Economics, Daniel Hamermesh likes to point out, is not about money, but about scarcity. In this holiday reading list, he recommends allocating your scarce resources not only to books about economics, but also to books about immigration and history.
1. Cutting for Stone, by Abraham Verghese
This novel from a decade ago should be read by every American interested in immigration. While it deals with a lot of medical details, the essence of it is about urban life in developing countries and about the immigrant experience. It is both moving and thought-provoking.
2. In the Garden of the Beasts, by Erik Larson
At a time of increased danger of totalitarianism in the U.S., reading a history of an insider’s view of its growth in Germany in the 1930s gives a good perspective on our contemporary problems, as well as being fascinating history and biography in its own right.
3. Core Economics by the Core Economics team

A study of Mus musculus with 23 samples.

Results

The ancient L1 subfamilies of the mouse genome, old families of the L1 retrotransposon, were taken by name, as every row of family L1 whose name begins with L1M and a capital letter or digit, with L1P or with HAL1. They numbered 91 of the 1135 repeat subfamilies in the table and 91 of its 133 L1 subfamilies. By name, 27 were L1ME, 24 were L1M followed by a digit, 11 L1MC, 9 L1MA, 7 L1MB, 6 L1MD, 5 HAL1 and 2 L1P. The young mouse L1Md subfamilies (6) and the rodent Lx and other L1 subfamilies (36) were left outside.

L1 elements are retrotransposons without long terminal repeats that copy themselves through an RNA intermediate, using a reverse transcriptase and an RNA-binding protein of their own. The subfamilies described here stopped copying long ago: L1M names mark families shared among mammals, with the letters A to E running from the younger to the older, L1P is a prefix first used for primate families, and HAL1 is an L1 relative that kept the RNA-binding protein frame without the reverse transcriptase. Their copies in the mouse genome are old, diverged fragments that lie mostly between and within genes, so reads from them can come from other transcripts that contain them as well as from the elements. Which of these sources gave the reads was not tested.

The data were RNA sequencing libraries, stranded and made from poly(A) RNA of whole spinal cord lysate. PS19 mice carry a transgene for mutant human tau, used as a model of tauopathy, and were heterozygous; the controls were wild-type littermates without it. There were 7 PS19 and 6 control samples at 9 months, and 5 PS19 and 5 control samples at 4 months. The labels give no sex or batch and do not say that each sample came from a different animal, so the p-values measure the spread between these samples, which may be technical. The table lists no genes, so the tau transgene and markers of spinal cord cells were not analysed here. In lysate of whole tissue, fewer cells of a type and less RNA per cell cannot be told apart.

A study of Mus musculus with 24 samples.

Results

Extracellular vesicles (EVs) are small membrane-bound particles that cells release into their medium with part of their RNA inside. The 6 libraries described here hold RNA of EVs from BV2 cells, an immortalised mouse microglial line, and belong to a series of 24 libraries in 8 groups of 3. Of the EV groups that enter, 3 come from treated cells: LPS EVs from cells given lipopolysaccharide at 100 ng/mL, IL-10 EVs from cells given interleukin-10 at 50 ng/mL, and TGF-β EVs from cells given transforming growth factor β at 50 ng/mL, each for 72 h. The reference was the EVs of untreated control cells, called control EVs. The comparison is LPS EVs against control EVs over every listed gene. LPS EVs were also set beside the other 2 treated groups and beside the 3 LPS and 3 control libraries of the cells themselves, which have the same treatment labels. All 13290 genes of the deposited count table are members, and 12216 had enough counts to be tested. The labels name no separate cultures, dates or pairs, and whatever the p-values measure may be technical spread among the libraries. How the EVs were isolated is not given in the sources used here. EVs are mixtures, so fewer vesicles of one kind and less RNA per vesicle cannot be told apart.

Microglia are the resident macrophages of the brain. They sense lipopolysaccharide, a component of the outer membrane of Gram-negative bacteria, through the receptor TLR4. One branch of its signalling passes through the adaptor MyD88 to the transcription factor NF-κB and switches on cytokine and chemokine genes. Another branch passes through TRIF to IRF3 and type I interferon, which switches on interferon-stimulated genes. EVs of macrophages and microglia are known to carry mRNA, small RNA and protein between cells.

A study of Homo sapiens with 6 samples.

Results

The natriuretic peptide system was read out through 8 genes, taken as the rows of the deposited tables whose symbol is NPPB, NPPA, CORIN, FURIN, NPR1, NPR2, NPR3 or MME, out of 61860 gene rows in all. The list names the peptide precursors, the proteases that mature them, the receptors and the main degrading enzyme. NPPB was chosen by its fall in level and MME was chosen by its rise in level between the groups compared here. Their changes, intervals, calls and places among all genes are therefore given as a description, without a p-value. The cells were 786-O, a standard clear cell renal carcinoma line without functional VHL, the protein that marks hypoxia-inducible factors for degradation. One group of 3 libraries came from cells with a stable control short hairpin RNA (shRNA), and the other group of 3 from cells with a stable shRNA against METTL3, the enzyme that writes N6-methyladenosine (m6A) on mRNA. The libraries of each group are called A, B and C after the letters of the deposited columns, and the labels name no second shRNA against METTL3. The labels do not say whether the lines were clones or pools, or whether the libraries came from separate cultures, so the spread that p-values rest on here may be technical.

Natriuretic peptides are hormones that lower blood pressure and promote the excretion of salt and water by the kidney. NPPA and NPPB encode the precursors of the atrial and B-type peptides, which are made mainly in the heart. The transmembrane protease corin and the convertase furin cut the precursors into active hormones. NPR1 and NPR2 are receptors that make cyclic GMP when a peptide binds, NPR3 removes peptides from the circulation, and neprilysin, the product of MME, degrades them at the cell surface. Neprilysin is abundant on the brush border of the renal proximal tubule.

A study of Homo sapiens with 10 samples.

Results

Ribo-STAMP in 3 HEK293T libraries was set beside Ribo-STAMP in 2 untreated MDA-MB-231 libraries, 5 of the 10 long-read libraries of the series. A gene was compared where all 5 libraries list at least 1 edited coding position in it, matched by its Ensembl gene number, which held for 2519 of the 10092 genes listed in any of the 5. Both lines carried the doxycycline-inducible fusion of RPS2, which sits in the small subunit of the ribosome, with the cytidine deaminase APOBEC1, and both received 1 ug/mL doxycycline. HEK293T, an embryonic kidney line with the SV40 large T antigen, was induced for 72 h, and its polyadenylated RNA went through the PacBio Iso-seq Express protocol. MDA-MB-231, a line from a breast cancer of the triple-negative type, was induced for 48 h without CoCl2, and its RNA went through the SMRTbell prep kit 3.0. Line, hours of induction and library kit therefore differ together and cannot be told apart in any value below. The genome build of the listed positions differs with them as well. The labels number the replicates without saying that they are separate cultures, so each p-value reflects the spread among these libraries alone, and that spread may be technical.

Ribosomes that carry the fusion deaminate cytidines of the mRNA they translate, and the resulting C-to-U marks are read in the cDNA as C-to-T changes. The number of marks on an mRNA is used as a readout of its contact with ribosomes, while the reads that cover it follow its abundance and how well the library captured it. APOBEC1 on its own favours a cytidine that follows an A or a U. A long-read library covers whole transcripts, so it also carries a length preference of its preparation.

You can’t take this book to the beach as a paperback, but you can download it. It represents a revolutionary approach to introductory economics that draws the reader into the subject. It is catching on widely and will affect economic thinking in the population as a whole for a long time.
4. The Worldly Philosophers, by Robert Heilbroner
The first edition of this book, which I read in high school (in 1960), got me to major in economics and devote my career to it. The book’s updated editions are just as good and give a good, not-popularized feel for what the major economic ideas are really about (and also a good feel for the people who created them).
5. Cribsheet, by Emily Oster
A bit of a cheat recommending this, since Emily’s parents, both economists, are old friends of mine. But the book is an easy-reading but evidence-based guide for prospective and new parents.
Five Books aims to keep its book recommendations and interviews up to date. If you are the interviewee and would like to update your choice of books (or even just what you say about them) please email us at firstname.lastname@example.org
Five Books interviews are expensive to produce. If you've enjoyed this interview, please support us by donating a small amount.